June 14, 2019

An Sovcomflot icebreaking supply vessel moored in Murmansk, Russia.

As we note our discussion of Transportation Mode Analysis (Example S4) in Supplement 11 (Supply Chain Management Analytics), speed of transportation is critical.

So it is no surprise, writes The Wall Street Journal (June 6, 2019), that Arctic routes are drawing greater attention as the global climate warms and polar ice recedes, potentially opening new paths between Asia and Europe. The mostly frozen Northern Sea Route (NSR) seaway is considered a likely commercial lane because it already is used in warmer seasons to move part of Russia’s extensive energy exports.  Russia is promoting the lane as the shortest distance to ship containers from Asia to Europe, and a possible rival for routes that now take ships through the Suez Canal.

Russian shipping giant Sovcomflot tankers crossed the NSR more than 100 times last year, handling crude exports from Gazprom’s port oil facility in northern Russia. Crude tankers account for about 45% of ship traffic on the NSR. “The driver for transportation economy is basically distance, and the NSR cuts sailing time by around 20% compared to the route across the Suez,” says the CEO of Sovcomflot. “Cargo will always find the fastest way to move.”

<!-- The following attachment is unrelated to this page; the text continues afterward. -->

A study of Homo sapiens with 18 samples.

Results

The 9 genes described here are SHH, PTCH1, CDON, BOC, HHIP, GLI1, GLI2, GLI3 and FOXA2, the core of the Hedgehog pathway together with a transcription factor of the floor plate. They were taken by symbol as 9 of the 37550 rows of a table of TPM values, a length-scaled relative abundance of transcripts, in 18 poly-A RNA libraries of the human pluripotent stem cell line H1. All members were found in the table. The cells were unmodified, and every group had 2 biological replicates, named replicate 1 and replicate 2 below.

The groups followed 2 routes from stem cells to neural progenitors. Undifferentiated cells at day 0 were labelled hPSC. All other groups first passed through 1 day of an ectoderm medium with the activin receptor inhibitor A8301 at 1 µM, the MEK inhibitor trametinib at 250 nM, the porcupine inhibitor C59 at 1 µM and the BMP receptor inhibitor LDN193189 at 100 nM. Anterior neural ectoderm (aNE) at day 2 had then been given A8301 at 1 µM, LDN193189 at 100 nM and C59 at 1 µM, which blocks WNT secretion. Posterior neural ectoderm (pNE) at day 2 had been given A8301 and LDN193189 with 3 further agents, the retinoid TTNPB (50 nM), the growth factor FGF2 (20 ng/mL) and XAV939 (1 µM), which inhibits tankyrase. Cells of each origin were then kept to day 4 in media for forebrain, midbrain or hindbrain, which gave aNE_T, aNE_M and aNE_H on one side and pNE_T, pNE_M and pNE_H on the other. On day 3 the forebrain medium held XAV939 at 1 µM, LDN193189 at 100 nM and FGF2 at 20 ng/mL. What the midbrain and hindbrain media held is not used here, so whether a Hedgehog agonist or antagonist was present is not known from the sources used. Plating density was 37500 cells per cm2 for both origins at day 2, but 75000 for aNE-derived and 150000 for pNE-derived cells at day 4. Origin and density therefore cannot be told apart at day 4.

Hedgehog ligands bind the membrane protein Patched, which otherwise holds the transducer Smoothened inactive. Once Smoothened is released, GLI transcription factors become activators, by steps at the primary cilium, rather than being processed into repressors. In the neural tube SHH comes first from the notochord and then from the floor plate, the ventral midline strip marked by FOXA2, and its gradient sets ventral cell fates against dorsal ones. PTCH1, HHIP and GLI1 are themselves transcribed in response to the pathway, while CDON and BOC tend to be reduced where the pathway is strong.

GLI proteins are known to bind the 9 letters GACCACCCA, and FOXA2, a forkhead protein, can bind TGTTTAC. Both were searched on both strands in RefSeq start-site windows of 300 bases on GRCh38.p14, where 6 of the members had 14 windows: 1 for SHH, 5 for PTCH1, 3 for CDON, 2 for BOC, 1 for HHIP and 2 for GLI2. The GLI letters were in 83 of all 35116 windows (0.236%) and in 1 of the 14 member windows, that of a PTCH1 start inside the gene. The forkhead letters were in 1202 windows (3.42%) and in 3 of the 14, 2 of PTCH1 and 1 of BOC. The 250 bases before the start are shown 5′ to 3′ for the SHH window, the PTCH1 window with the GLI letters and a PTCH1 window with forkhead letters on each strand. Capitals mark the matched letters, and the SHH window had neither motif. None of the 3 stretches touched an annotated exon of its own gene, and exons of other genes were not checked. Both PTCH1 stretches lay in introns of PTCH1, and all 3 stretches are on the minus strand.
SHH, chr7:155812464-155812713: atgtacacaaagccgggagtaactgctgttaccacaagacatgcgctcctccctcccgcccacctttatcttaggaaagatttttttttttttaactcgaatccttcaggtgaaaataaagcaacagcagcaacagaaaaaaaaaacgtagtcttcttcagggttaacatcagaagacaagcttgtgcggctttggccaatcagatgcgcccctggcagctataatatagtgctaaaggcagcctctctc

Denmark’s A.P. Moller-Maersk, the world’s largest container ship operator, sent a small container vessel across the NSR last summer from Vladivostok to St. Petersburg. The Venta Maersk saved more than 10 days of sailing time compared with travel via the Suez.

Classroom discussion questions:

  1. What country will lose out if the NSR is successful more months?
  2. Is the time it takes to ship from China to the U.S. becoming an issue for suppliers?